Teachers of Croft’s Hill Primary and Junior High School in Clarendon literally went the extra mile on National Children’s Day, May 21.
They commenced their outreach by gathering at the school, where they prepared a cooked meal and gift packages for their nearly 300 students.
Their distribution effort proved cumbersome due to national restrictions aimed at slowing the coronavirus (COVID-19) pandemic.
Grade Six students, who are the only set being allowed on the school compound, were the first to collect their packages.
The teachers, determined to reach each child, eventually went on a motorcade in search of other students with whom they managed to communicate via phone.
The students, predominantly decked out in yellow outfits and masks, waited along roadways in their communities.
The teachers ended up travelling as far as Lluidas Vale in St. Catherine and Rhoden Hall in Clarendon.
One ecstatic student, Kyode Robinson, collected his gift at the front of his Clarendon residence in the company of other relatives, including his mother Presilda Palmer.
His mother said she is highly appreciative of the effort that the teachers have been making amid the COVID-19 pandemic.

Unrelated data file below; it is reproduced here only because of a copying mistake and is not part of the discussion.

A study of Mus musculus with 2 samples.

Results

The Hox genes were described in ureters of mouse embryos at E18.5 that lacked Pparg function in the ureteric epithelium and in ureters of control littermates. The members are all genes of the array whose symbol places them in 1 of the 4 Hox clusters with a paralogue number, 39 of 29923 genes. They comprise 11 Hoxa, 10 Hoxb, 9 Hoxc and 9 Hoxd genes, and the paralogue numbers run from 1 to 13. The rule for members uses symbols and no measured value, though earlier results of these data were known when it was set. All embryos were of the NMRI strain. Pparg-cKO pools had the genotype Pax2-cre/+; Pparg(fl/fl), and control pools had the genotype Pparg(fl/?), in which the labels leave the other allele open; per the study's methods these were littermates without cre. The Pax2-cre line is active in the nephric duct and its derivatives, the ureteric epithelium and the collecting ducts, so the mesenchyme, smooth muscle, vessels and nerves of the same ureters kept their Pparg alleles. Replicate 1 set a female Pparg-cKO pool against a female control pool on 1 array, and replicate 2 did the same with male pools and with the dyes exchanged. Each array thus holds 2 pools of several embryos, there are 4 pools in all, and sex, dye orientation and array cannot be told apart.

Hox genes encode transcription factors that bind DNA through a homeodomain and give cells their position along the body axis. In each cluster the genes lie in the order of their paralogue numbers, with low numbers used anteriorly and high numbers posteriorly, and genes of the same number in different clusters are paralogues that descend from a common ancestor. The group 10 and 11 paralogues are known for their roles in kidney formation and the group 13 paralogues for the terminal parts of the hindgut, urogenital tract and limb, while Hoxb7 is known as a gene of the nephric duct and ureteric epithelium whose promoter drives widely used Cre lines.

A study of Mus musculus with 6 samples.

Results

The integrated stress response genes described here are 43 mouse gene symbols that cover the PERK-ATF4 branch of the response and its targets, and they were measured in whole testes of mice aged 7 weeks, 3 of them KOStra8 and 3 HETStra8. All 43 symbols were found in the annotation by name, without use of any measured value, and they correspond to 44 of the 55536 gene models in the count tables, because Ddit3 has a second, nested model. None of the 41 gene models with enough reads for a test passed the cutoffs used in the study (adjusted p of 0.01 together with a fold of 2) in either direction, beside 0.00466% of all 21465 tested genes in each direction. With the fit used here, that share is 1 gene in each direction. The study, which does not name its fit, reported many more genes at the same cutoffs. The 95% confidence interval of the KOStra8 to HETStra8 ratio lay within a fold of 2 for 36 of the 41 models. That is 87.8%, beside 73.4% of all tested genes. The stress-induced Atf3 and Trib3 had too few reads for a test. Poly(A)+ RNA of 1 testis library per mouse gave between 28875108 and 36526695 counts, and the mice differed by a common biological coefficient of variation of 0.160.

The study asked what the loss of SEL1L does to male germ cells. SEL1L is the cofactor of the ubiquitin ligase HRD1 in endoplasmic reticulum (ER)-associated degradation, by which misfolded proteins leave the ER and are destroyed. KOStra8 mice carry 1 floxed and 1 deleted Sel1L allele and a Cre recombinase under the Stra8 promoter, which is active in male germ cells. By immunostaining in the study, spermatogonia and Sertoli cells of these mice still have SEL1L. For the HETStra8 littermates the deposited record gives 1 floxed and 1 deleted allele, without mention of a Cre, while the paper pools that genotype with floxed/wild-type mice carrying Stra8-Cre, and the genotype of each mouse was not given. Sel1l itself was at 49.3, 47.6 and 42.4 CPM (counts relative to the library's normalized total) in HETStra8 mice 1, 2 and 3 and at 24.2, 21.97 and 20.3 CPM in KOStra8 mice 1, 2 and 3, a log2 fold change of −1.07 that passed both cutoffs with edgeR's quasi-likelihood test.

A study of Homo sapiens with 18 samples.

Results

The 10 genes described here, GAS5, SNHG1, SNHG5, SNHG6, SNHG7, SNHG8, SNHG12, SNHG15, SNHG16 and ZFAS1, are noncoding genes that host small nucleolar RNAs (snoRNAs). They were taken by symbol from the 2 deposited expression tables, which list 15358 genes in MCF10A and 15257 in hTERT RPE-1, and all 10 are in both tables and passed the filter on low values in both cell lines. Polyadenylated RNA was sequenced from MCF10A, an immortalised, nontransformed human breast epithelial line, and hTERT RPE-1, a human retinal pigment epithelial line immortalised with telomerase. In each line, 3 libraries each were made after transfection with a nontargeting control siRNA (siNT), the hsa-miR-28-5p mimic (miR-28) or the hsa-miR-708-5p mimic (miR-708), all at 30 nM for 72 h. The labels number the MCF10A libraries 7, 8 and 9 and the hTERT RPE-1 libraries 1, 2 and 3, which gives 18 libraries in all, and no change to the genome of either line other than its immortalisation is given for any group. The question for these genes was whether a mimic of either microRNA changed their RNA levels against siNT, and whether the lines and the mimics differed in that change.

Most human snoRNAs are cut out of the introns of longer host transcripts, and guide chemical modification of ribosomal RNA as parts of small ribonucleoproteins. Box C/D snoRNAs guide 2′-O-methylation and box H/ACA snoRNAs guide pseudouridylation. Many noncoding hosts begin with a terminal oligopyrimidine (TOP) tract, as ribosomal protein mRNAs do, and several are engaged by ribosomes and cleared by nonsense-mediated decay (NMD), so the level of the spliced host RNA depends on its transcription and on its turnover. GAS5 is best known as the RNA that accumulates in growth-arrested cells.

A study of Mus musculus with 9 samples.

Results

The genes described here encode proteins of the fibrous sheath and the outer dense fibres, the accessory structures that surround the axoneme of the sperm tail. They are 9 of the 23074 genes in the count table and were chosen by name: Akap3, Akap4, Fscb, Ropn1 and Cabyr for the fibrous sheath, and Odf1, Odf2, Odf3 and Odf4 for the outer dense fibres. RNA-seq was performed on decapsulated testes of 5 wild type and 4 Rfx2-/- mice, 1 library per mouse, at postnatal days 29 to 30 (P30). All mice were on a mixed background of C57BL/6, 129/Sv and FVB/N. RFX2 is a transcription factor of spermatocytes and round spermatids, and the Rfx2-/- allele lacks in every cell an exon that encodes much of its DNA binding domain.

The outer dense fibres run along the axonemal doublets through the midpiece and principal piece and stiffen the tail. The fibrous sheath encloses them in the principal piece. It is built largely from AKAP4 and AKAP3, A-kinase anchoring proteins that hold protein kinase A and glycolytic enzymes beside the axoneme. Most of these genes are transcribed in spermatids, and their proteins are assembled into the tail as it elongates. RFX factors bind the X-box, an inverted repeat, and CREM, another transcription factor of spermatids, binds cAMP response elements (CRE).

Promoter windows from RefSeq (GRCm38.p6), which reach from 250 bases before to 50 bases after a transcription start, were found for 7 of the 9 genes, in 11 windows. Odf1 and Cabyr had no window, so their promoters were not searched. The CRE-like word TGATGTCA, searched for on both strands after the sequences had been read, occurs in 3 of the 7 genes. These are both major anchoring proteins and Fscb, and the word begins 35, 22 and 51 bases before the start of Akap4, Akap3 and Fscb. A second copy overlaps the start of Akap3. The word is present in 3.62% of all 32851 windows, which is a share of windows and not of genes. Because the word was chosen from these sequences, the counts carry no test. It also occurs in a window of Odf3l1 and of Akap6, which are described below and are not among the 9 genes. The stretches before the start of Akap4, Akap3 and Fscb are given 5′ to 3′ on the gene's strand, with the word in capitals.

“Thumbs up to Croft’s Hill Primary and Junior High – good job guys, keep it up,” she commented.
“It has been challenging, but, in the midst of everything, there is hope and we appreciate the fact that the teachers – especially my son’s teacher, Miss Johnson – has been putting out the extra effort in always ensuring that he is always getting his school work and so on.”
Kyode, in the meantime, expressed gratitude for the gifts.
He added that he has been adapting well to online classes and other changes resulting from COVID-19.
“It has been challenging, but I thank God that me and my family are here right now and I can join my class – and thanks to the teachers,” he said.
Principal at Croft’s Hill Primary, Nadine Small, told The Beacon that she, along with her teachers, was hosting the motorcade and treat for the second consecutive National Children’s Day.
That method of reaching students on their special day, the principal added, was considered amid the closure of school due to COVID-19.
“Last year, in the height of the pandemic, we never knew what we were going to face. We went out to meet our students. We had not seen them for a while. We saw some of the adverse conditions that some of our children were living in and they were so excited to see us. This year, we thought it necessary again to go and visit and take something to the students.”
The principal also noted that, while adhering to COVID-19 protocols, her team found creative ways to host other special events, including Boys’ Day and Girls’ Day, as part of the observance of May as Child’s Month.
The principal also lauded all sponsors who have made the activities possible.